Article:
Answer to Puzzle #42: 100 miles South, East & North - Back Where You Started

42. You are at a point on the Earth. You travel South 100 miles, East 100 Miles and North 100 Miles. You arrive back where you started. Where are you? You are NOT at the North Pole.

I went out looking for some puzzles and found this. I think we've all heard it many times before and the answer has always been the North Pole. That there was another answer blew my mind.

diagram of the earth showing route that brings you back where you started Before reading the answer can I interest you in a clue?

The answer is indicated in the diagram. We are anywhere on the black circle. And our path will look something like the purple dotted line.

So where are we?

We start 100 miles North of a line of latitude whose entire length is 100 miles. We will travel South 100 miles, travel East 100 miles circling the South Pole completely, then travel back North 100 miles to finish where we began. And that is a good answer.

So where are we exactly

In order that we may travel an orbit of the south pole we must start 100 miles north of a position that when we travel East 100 miles we will arrive back where we started. We know the circumference or a circle is related to it's radius by R=C/2π and we are interested in the radius associated with a circle of circumfernce 100 miles. Which give us a radius of 15.915494miles and we start 100 miles North of that so 115.915494miles North of the South Pole.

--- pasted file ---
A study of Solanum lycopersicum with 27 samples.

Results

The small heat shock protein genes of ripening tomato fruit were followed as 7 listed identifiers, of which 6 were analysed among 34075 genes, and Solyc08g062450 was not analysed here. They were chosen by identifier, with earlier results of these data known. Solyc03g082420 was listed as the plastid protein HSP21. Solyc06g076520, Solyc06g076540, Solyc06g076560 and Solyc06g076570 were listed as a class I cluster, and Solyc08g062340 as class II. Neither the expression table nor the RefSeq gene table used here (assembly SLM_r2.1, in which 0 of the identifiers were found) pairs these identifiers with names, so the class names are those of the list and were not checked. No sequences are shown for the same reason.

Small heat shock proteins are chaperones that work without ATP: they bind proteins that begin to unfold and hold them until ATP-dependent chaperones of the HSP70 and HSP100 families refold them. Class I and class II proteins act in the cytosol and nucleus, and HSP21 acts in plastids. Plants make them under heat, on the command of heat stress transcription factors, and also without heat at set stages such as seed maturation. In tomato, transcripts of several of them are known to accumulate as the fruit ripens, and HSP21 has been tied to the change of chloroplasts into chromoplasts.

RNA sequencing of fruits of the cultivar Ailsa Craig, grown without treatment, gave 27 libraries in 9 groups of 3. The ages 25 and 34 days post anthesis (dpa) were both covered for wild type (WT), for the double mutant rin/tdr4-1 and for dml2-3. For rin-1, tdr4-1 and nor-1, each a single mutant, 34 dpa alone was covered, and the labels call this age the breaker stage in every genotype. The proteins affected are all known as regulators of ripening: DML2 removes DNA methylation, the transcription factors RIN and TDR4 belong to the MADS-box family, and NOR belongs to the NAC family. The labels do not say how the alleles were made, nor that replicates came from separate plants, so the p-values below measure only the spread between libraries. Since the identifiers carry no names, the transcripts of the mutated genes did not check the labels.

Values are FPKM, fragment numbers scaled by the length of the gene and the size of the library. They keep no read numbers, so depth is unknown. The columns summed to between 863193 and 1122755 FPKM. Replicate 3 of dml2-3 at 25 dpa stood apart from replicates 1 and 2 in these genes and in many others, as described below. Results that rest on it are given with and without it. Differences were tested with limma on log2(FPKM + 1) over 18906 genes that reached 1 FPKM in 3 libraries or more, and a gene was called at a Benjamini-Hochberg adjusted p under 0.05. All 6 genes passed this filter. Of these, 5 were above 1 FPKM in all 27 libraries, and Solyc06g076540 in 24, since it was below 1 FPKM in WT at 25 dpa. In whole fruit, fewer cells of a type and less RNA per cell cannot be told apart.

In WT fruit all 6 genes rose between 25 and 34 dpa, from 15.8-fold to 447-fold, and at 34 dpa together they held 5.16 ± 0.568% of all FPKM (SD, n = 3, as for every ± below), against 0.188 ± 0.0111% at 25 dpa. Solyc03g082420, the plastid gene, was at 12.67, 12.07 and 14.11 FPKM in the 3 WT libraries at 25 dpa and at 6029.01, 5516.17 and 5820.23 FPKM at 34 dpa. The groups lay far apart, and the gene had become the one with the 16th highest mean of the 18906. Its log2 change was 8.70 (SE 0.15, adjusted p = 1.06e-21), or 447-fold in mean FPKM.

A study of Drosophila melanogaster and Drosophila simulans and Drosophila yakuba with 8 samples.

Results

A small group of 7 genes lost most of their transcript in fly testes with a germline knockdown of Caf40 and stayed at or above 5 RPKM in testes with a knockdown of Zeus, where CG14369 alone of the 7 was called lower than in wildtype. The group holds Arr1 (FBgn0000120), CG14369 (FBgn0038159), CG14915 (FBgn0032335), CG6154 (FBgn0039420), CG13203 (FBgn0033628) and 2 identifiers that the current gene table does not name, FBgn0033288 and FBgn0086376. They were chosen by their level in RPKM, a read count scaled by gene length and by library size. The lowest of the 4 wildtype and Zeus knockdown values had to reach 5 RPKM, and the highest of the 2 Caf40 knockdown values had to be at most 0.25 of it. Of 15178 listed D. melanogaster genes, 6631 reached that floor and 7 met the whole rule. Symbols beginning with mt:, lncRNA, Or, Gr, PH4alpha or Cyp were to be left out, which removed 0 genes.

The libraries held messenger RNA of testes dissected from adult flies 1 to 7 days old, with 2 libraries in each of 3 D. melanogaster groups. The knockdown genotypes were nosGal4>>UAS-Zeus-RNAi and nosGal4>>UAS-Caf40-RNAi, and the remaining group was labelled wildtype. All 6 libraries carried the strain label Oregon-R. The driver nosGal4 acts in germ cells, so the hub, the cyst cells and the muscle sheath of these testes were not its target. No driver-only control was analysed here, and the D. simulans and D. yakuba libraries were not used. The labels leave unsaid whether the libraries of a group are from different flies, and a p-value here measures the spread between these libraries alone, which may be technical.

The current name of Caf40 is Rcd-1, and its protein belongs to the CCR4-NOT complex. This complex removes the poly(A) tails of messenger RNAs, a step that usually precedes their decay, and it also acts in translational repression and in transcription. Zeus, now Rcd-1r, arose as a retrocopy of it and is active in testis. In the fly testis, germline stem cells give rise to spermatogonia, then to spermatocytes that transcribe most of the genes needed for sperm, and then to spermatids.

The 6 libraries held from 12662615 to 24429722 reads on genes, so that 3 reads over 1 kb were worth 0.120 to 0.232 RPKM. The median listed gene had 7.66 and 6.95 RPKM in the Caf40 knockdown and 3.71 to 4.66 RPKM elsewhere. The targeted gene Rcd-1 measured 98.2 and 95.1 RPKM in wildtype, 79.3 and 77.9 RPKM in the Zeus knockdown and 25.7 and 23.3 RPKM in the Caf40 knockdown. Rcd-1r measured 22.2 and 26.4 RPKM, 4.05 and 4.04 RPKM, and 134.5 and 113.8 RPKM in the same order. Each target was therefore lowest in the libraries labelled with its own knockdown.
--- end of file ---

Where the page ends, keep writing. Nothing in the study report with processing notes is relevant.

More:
And that too is a good answer. But it's only approximate.

What was wrong with the last answer?

Well it sort of assumes the earth is flat! Consider the following diagram:

cone diagram to show latitude distances are not so simple
If the pink line were 15.9miles the circle at the bottom would not be 100 miles, it would be less. As we move away from the pole the surface has narrowed. And we need to take account of that. In order that the circle be 100 miles we would have to be a lot further away from the 'Pole'.

So where are we really?

There's going to be some trigonometry here. Consider the diagram below:

geometric diagram to calculate 100 miles south, east, north back where you started problem

So we have a final answer of 115.915537 miles North of the South Pole.

So where are we really really?

Only joking. The last answer is correct. Our first approximate answer differs only slightly from the accurate answer. We have to move only 7cm further from the pole. But that is because the earth doesn't curve much in the short distance we are talking about. If we were concerned with 1000 miles or a smaller planet the distinction would become apparent.

Is that it?

Nearly. There is nothing specifically in the question to stop us walking around the South Pole more than once. We could go twice around the Pole. 5 times. Any complete integer. We could start 100 miles north from any series of concentric circles of circumference 100/2, 100/3... ...100/n, so long as the pole-orbit returns to where it started. I don't like that solution. It is inelegant.





© Nigel Coldwell 2004 -  – The questions on this site may be reproduced without further permission, I do not claim copyright over them. The answers are mine and may not be reproduced without my expressed prior consent. Please enquire using the link at the top of the page.